The farce behind ROTC revival in the name of  ‘love of country’

It will be one of the first laws expected to pass in 2023. And like many of our laws that require submission by the ordinary citizenry, it stands on a slapstick history when those in power and influence had exempted themselves from it.

The official line being, “it will build up discipline and values, and a sense of patriotism among the next generation,” already begins on the wrong footing.

Rodrigo Duterte had certified the ROTC bill as urgent yet he himself evaded it using perjury, bribery and falsification of records when he was a college student. Expect more of that practice to flourish under a corrupt-laden military organization. Let us recall his scandal of a story so typical of political double-speak of not practicing what he preaches, and then cringe at his brazenness of circumventing the law:

“In the year he was supposed to graduate, Duterte said he went to Camp Aguinaldo where he was told by a registrar staff that he won’t be able to graduate unless he completes the ROTC program. He was told that he would only be exempted if he has tuberculosis or is handicapped.”

“So I said, there are many people with TB here. I went to San Lazaro hospital. The fools were all lined up.  It was so noisy, they were coughing in unison! Each had their own sputum on the ground.”

“So the young Duterte approached one of the patients.”

“I told one of them, ‘Come here. Use this name, Rodrigo Duterte, they’ll put it in the X-ray. I’ll give you P1,000.”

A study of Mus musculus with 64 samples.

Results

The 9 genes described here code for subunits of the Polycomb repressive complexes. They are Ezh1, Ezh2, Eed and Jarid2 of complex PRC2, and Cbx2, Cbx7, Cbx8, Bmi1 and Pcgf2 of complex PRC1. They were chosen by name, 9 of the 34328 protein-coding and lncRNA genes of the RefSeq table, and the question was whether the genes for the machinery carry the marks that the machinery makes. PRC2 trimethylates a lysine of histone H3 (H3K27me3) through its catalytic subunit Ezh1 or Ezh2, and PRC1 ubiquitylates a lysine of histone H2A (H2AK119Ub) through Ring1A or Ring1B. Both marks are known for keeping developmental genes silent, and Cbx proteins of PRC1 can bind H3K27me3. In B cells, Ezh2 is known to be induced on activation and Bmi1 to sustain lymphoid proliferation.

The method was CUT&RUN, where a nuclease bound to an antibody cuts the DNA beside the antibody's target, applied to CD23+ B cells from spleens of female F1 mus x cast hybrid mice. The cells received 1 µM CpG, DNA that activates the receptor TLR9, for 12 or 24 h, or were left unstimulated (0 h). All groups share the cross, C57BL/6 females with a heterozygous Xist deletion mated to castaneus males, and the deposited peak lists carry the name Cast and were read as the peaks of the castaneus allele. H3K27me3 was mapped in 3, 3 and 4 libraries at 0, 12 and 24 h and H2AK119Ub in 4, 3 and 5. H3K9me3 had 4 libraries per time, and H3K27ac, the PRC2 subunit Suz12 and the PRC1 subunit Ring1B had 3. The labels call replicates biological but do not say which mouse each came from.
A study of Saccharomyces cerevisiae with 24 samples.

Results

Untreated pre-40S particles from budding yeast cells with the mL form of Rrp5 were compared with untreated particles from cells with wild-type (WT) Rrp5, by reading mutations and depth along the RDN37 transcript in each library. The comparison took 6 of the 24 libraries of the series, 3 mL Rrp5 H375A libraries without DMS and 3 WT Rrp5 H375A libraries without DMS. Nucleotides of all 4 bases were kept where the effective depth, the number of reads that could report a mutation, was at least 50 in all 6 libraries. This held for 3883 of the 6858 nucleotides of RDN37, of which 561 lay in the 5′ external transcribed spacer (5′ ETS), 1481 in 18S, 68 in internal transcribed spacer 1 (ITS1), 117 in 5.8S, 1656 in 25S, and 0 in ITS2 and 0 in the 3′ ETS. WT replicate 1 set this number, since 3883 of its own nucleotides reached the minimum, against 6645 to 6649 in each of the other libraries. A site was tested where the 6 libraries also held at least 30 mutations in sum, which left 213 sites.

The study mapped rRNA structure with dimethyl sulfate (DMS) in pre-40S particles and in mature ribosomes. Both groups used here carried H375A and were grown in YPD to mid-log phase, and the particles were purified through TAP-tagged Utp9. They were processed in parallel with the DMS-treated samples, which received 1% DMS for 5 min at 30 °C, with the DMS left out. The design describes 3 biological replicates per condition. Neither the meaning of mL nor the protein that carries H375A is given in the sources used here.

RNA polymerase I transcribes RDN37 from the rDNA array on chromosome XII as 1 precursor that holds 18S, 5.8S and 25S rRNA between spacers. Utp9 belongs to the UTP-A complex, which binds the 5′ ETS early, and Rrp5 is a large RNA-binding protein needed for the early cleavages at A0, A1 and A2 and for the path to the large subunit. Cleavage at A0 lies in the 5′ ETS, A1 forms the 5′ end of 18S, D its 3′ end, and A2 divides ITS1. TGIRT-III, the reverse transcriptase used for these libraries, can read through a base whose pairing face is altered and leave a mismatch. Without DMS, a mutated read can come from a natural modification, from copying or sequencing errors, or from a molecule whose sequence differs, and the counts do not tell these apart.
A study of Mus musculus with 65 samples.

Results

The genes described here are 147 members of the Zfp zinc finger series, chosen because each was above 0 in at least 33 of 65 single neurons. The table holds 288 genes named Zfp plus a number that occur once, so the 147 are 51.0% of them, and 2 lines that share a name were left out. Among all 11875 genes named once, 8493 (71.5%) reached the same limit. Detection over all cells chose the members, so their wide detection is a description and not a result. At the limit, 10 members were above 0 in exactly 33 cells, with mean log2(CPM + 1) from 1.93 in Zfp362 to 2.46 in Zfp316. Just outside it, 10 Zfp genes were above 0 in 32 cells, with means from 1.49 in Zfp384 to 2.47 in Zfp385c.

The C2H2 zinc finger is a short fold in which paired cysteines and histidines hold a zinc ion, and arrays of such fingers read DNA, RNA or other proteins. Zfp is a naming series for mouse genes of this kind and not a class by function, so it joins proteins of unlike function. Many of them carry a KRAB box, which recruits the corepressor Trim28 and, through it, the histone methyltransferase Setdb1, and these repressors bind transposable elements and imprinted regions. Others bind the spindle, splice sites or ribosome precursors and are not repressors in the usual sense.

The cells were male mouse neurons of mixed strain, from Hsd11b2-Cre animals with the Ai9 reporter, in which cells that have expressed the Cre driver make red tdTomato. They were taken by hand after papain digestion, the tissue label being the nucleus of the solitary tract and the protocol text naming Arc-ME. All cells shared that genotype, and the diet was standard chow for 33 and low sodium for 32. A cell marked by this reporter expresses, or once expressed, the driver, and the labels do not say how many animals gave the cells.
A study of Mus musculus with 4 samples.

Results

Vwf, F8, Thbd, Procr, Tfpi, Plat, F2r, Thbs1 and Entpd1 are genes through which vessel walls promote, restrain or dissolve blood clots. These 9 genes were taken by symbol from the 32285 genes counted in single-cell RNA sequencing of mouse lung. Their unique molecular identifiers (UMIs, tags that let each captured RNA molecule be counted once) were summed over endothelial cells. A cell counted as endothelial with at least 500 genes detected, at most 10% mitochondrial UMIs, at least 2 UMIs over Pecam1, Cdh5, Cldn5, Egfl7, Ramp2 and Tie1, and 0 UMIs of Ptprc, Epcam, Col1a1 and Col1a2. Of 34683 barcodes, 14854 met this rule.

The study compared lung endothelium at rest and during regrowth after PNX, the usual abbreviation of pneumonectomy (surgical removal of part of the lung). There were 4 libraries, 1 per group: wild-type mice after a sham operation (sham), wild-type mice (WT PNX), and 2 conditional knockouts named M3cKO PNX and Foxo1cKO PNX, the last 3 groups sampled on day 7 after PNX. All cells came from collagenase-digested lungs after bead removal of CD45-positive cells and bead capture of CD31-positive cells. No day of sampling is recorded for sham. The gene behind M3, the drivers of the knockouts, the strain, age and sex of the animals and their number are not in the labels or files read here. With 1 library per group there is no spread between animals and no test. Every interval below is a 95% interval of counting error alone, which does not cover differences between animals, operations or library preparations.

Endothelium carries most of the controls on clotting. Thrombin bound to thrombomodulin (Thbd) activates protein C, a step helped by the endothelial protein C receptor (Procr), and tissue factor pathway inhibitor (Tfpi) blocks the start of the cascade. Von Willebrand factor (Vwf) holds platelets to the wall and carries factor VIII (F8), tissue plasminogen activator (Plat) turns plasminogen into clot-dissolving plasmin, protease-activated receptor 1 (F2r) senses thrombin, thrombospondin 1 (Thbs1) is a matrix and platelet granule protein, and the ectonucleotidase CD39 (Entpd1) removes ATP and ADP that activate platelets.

“The man supposedly did as he was told and 3 days later, Duterte went back to get a copy of the man’s X-ray. To show his appreciation, he even gave his unwitting accomplice a P500 tip.”

“Duterte went to his college and presented the X-ray to the staff.”

“The school personnel who received the X-ray was so convinced that he even supposedly told Duterte, ‘That’s why you are too thin. Get out of here! Get out of here!”

Sara Duterte wants mandatory ROTC for all Filipinos aged 18 years old. Like Bato dela Rosa, she also uses the buzzwords “patriotism, love of country.” Her advisers (if she listens to them) should tell her that those values do not thrive under a culture of hypocrisy.

Dela Rosa will have to exert hard to make us forget the corruption scandals in the Armed Forces of the Philippines. One of the chiefs-of- staff who received the so-called retirement gift called the “paba-on”  (P50 million in his case) was even appointed by the father Duterte as secretary of the environment and natural resources. Impunity is one of the things that do not teach love of country.

As recent as the last Duterte administration, the military establishment was hounded by perceptions of corruption in the purchase of equipment. Why would our 18-year olds patronize a system that does not even have the discipline to clean its ranks of stealing taxpayers’ money?

Love of country and patriotism are best taught when it is seen lived as examples among national leaders. It is taught when leaders do not steal, when they turn themselves accountable at the slightest hint of corruption, when they subject themselves to the same laws that subject the rest of the ordinary people especially the poor. It is best taught when privileged leaders spend time in jail when they themselves have broken the laws.

How can the young develop love of country from legislators who enrich themselves with pork barrel money? How is patriotism instilled when they see elected leaders like the Dutertes turn sycophantic to China at the expense of our sovereign territories occupied without a wimp from them? How is discipline to be expected when they see lying before the people as the official behavior of our elected officials?

The views in this column are those of the author and do not necessarily reflect the views of VERA Files.